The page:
I have a relatively large backyard for living in an urban area, yet my herb gardens live in pots. There are many reasons for this, but I first became a believer in the potted herbs after my first attempt at growing them. I had purchased seedlings and planted them hoping to serve more flavorful dishes to my family without handing over $3.00 every time a recipe called for fresh herbs. It was going well, my plants were growing, and then June appeared and brought with it a rash of thunderstorms. One thunderstorm in particular sent high winds and hail whipping through my backyard and, subsequently, my herb garden. That was the end of my first herb garden.
Ever since that first year, I’ve gone to planting my herbs in easily transportable pots. When the thunderstorm comes brewing, I’m out there ushering them under the eaves of the house to protect them from any harsh elements. I’ve even had them spend a night in the kitchen until it was safe to come out the next morning. Yes, I cherish my herb gardens.
First, get your pot of choice and your seedlings. I have a mix of seedlings from seeds and starter plants from our local farmer’s market.
This is dirt from an herb garden from last year. Ole gave it a good hack to cut up all the root systems, and I’ll use this as the base dirt for all of my herb gardens along with some compost from our compost pile in the back corner.
This is the base in one of my new pots. We did two pots last year, but Ole wants to expand further so we have more basil and parsley for pesto later in the season. We then freeze it and have homemade pesto all winter long to keep us going during the cold winter months.
We’re going with a total of four pots this year. We have a “pesto pot” full of nothing but basil and parsley, both flat and curly. We also have a pot that houses arugula and spinach with one tiny mint plant. The mint plant dominates every year, so I’m hoping I gave them adequate room to spread out together. Pot 3 contains two of each: rosemary, thyme and oregano. The last pot is full of dill, chives and cilantro. Our first year I started with one of each herb in one pot. I’ve definitely grown since then.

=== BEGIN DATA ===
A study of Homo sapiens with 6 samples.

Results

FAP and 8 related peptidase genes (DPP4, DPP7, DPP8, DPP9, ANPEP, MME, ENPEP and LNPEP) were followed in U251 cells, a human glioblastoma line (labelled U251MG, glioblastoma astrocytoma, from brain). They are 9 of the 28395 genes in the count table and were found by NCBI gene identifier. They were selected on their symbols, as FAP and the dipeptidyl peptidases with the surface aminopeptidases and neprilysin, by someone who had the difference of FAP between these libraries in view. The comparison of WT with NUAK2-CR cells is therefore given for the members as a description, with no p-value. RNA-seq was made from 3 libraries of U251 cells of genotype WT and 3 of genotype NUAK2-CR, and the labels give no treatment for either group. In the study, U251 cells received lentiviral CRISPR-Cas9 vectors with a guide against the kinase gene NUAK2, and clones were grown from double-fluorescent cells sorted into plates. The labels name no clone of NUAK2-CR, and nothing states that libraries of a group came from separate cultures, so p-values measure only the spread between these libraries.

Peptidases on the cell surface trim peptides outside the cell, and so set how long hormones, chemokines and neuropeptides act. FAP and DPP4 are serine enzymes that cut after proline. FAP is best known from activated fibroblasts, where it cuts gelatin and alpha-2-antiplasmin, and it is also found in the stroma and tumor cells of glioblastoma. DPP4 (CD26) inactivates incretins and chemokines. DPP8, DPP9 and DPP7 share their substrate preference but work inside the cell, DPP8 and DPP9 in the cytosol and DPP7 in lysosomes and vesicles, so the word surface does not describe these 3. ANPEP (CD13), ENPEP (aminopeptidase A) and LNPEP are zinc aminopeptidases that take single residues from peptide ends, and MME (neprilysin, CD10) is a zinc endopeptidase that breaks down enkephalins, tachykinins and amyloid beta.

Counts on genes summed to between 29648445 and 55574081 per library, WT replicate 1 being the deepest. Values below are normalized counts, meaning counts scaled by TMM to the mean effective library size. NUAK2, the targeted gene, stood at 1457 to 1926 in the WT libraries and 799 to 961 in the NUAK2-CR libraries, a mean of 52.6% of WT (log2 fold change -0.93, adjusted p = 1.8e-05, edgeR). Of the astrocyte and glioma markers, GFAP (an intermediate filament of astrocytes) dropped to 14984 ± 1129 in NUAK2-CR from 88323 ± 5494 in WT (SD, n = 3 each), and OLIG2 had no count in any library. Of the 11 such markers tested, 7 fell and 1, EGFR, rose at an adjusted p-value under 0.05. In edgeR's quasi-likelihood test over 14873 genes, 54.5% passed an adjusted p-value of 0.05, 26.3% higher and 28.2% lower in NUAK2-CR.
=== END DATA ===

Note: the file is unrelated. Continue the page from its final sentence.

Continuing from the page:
See those? Those are recycled packing peanuts. They help with drainage. I had someone suggest it once after a sad herb garden attempt, and it worked. You could also place stones or perlite in the bottom of the pots to help keep your herbs from sitting in soggy soil. Herbs need to be watered regularly, but they will actually be more fragrant if you avoid excessive watering and keep them on the drier side of life.
Once you get all your soil in your pot, level it out.
Because I’m using new planting mix on top, it’s very easy to push aside to make room for my plants.
Insert your seedling and pack the soil down around it. Then repeat the process until all your plants have new homes in the dirt.
These are my four herb gardens. This may seem excessive, but I’m looking forward to drying out the extras and storing them for later use, and buying quality herbs gets expensive versus growing them myself. After you have all your herbs planted, give them a drink of water and repack the dirt around them to secure them.
I also planted a hanging salad basket. This is the first time I’m growing lettuce, so I’ll let you know how it goes. I read about the different ways to harvest it, and because it doesn’t need a lot of room, it is supposed to work well in window boxes and this lovely hanging planter. I dare the squirrels and rabbits to try to get to my lettuce.
Hello, basil. I’m going to eat you later. Just you wait.